The eternal trawling of historical literature for all things perry-related often throws up unexpected gems, and in this case, something worth sharing without embedding it into a larger narrative. A song called American Perry that was written in 1813 (McCarty, 1842).

What’s especially fun about this song is that it clearly starts with perry the drink, but as the song goes on, the perry takes on more a reference to Commodore Perry, and celebrating his thrashing of the British in a naval battle. In this, they mean Oliver Hazard Perry, who was commander during the battle of Lake Erie in 1813 (the later stages of the 1812 War). In this battle, Henry Proctor, a British major-general, and Robert Heriot Barclay were the defeated, and it is with these two gentlemen, and their thirst for perry, that the song begins.

I have to admit that till now I’ve found very little detailed information about historical American perry, but clearly settlers (or occupiers) had been bringing trees over, so I assume some estates had perry similar to English perry of the day, whereas today dessert pears seem to dominate American perry. But it’s significant to note the lyrics twice mention sparkling perry, specifically invokes pears in the line “being pear’d to the quick” as well as “thundering” and “flushing”, which could equally refer to the aperient effects of perry, as well as perhaps the mighty power of Oliver Hazard Perry!

Oliver Hazard Perry (public domain)

Sung to the tune of “Abraham Newland” which was in turn sung to the tune of “The Rogues March”, you can try singing along. Enjoy!

American Perry

Bold Barclay, one day, to Proctor did say,
“I’m tired of Jamaica and Sherry; 
So let us go down to that new floating town, 
And get some American Perry 
O, cheap American Perry! 
Most pleasant American Perry!
We need only all bear down, knock, and call, 
And we’ll have the American Perry. 

The landlady’s kind, weak, simple, and blind; 
We’ll soon be triumphantly merry!
We’ve cash in the locker, and custom shall shock her,
And we’ll soon get a taste of her Perry 
O, American Perry! 
The sparkling American Perry! 
No trouble we’ll find, your orders to mind, 
So away for American Perry.” 

All ready for play, they got under way, 
With heart and hand right voluntary:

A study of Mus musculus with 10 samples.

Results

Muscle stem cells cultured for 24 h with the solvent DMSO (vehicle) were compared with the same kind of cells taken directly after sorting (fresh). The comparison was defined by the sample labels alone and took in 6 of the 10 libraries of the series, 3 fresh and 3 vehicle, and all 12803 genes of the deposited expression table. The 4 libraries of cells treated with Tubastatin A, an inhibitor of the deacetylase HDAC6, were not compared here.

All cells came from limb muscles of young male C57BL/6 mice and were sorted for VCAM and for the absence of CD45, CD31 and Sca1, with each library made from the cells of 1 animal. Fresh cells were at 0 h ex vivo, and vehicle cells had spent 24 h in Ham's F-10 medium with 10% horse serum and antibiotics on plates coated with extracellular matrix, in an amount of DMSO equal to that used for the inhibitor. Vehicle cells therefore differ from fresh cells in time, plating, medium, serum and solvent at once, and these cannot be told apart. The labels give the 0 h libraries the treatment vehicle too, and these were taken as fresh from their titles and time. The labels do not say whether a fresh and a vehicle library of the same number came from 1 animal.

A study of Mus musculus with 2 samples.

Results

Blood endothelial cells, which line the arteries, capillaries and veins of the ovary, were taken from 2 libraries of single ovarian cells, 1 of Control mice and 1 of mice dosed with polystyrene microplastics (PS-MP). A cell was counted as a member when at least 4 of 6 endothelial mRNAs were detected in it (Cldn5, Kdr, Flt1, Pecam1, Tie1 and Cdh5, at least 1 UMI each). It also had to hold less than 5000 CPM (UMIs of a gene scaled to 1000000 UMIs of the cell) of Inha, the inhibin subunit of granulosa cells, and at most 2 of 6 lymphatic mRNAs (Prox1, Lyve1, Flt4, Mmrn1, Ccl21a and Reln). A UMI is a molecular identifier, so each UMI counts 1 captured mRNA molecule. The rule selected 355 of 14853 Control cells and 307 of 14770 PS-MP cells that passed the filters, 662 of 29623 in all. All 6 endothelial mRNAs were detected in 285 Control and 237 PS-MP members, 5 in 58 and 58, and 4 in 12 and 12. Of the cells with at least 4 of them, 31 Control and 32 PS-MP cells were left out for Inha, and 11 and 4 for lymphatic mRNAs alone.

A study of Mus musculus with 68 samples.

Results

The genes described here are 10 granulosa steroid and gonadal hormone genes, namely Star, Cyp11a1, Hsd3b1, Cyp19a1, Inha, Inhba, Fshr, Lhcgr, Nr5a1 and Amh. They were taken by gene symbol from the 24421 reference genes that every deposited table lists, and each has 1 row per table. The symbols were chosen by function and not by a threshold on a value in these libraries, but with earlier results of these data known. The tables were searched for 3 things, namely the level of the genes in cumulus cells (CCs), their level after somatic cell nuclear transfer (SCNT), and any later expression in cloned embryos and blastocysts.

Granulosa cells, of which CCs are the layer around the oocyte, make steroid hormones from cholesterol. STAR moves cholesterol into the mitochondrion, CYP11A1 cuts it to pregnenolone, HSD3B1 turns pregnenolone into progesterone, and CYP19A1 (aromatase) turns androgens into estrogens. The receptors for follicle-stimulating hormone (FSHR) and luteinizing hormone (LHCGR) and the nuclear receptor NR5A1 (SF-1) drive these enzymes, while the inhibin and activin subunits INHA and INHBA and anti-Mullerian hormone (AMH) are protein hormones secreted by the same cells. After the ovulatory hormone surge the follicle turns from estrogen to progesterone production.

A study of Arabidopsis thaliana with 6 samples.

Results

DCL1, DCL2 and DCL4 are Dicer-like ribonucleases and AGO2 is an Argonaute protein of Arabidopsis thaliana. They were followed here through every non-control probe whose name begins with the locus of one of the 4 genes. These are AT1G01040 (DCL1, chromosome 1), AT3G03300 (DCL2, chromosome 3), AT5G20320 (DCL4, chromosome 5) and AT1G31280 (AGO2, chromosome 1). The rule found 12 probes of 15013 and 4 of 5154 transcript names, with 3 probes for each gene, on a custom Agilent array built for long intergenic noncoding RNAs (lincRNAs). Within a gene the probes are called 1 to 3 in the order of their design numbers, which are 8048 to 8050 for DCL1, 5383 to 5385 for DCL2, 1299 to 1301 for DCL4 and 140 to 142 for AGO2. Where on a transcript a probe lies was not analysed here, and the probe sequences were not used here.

But when they came there, they quickly did stare, 
At the taste of American Perry: 
O, the American Perry! 
Sparkling American Perry.
How great the deception, when such a reception 
They met from American Perry. 

They thought such a change was undoubtedly strange, 
And rued their unlucky vagary: 
Your liquor’s too hot, keep it still in the pot, 
O! cork your American Perry 
O! this American Perry 
Fiery American Perry: 
In my noddle ’twill work; it’s a dose for a Turk 
O! O! this American Perry. 

Full surely they knew the scrape would not do; 
‘Twould ruin his majesty’s ferry: 
So they tried to turn tail, with a rag of a sail, 
And quit this American Perry 
O, the American Perry! 
Flushing American Perry. 
But the crossing the lake was all a mistake 
They had swallow’d so much of the Perry. 

Then Barclay exclaim’d, “I cannot be blamed 
For well I’ve defended each wherry: 
My men are so drunk, and some so defunct 
If I strike to American Perry. 
O, this American Perry! 
Thundering American Perry. 
Such hot distillation would fuddle our nation, 
Should it taste the American Perry.” 

The stuff did so bruise his staggering crews, 
That some with their feet were unwary; 
While some had their brains knock’d out for their pains, 
By this shocking American Perry: 
O, American Perry! 
Outrageous American Perry! 
Old , tough British tars, all covered with scars, 
Capsized by American Perry. 

The Indians on shore made a horrible roar, 
And left every groundnut and berry; 
Then scamper’d away, for no relish had they 
For a dose of American Perry 
O, American Perry! 
Confounding American Perry, 
While General Proctor looked on like a doctor, 
At the deadly American Perry.

The Briton was sick, being pear’d to the quick, 
And his vessels were quite fragmentary; 
So, scolding his luck, he prudently struck 
To a stream of American Perry 
O, American Perry! 
Persevering American Perry! 
A whole British fleet, ship to ship, has been beat, 
By an American commodore – “ Perry!” 

On American ground, where such spirit is found, 
Let us toast the brave · Heroes of Erie;” 
And never forget those whose life – sun did set, 
By the side of their Commodore Perry 
O, brave American Perry! 
Triumphant American Perry! 
Let us remember the “Tenth of September,” 
When a fleet struck to Commodore Perry.